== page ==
What You Eat

What you eat over the course of the day can of course impact your oral health, but the way that you start your morning can be particularly impactful. This is because many people start their day with beverages like juice, tea, or coffee.

All three of these substances have acids in them. For some people, drinking these at any time of the day or night is enough to cause discomfort. However, many people only drink these beverages early in the day, and as a result, have no discomfort later on. Alternatively, if you're brushing your teeth before drinking these beverages, that may be to blame. Toothbrushing can temporarily soften dental enamel, making the interior of the teeth more sensitive to acids. If you think this may be your problem, you should see a dentist to see if your enamel is healthy.

How You Sleep

The way that you sleep can play a role in making your teeth hurt in the morning, too. Some people, especially those undergoing stress, can end up grinding their teeth in their sleep. This constant rubbing and pressure can make teeth ache when you wake up. Unfortunately, it can also lead to enamel breakdown over time, or can even result in your teeth becoming cracked.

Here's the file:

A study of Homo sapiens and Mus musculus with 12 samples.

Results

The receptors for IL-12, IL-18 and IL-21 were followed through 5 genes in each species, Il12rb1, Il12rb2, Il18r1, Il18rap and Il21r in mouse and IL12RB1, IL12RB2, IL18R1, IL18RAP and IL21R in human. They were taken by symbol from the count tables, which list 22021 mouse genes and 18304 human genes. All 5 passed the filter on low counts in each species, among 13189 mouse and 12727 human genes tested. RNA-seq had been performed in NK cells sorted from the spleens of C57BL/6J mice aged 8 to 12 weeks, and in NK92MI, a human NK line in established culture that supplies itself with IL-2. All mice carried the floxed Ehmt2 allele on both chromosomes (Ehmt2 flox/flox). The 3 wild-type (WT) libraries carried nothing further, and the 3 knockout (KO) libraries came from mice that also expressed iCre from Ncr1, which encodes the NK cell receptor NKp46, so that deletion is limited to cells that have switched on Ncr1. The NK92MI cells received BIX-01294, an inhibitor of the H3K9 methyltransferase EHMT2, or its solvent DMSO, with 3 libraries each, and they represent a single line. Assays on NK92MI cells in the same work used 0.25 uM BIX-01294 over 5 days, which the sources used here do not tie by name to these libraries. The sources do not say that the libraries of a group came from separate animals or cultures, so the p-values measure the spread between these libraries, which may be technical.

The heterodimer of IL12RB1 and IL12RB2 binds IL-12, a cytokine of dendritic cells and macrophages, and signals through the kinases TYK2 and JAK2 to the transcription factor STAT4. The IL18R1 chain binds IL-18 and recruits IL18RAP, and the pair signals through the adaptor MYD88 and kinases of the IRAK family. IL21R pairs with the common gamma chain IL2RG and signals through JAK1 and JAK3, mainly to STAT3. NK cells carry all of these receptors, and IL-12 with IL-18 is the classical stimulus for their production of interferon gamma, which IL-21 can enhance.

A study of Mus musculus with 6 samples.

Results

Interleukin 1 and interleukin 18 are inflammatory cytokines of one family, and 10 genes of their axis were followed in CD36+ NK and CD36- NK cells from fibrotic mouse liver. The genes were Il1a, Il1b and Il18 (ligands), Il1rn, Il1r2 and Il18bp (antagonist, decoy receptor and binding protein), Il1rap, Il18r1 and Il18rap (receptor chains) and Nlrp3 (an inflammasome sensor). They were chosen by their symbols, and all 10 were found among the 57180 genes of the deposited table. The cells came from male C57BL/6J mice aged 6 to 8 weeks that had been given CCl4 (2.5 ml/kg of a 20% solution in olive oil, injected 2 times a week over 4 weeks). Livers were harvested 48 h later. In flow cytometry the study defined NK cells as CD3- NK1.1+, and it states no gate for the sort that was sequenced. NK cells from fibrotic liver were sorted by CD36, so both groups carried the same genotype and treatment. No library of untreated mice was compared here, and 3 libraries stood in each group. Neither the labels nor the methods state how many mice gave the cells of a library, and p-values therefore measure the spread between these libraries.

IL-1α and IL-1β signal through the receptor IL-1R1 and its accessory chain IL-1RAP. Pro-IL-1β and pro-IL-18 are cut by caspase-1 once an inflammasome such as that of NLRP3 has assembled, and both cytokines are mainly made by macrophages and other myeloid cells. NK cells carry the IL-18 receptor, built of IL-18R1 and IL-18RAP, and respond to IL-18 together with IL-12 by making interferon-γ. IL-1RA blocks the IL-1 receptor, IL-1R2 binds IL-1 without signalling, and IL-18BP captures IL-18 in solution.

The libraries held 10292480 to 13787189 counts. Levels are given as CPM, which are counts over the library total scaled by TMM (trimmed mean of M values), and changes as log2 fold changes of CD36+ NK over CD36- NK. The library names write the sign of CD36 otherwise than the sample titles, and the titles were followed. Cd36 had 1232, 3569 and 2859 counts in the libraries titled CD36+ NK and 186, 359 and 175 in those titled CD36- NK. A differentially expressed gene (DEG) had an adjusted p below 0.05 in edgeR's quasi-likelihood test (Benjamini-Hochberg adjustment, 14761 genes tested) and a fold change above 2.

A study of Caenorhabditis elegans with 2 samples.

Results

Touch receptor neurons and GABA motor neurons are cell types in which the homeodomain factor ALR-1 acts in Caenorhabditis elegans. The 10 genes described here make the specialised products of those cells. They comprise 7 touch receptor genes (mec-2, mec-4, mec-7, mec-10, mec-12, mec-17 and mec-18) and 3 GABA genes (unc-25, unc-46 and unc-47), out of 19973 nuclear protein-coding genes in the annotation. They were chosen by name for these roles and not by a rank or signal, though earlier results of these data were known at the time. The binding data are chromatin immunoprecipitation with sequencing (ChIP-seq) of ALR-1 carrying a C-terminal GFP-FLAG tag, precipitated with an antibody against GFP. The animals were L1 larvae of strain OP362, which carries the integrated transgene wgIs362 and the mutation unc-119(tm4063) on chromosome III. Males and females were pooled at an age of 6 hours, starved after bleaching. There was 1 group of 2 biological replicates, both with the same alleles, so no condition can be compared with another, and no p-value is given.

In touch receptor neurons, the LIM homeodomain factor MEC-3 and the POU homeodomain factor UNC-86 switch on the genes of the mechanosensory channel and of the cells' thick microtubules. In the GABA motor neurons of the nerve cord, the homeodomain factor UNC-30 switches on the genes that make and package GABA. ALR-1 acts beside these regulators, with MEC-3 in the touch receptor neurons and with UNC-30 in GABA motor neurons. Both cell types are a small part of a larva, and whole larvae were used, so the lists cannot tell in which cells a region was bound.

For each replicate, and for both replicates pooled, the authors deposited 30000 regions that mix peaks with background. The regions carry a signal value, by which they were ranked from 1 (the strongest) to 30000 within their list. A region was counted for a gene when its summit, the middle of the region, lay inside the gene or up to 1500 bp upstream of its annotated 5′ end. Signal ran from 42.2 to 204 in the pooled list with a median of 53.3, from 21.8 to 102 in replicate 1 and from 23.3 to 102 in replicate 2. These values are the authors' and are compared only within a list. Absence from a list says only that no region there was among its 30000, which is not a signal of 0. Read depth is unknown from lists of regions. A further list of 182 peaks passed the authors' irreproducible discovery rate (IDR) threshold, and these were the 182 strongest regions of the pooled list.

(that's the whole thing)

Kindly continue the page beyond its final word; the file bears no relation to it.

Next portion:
Sleep grinding can usually be taken care of by using a dental guard. These can be purchased from your dentist or over the counter, though custom dentist-made dental guards are more effective and comfortable.

Dry Mouth

Finally, it's possible that dry mouth could be your issue. Dry mouth is something many people go through, often due to certain prescription medications. If you have dry mouth, it can lead to bacterial overgrowth while you're sleeping. This gets even worse if you sleep with your mouth open, as it further dries out the mouth.

Dry mouth's increase in bacterial activity can lead to more cavities, enamel damage, and even gum infections. If you notice that you frequently wake up with a dry-feeling mouth or sticky plaque stuck to your teeth or lips, visit with a dentist to get your teeth checked and to gain solutions to dry mouth.

For more information about general dentistry, contact a dentist in your area.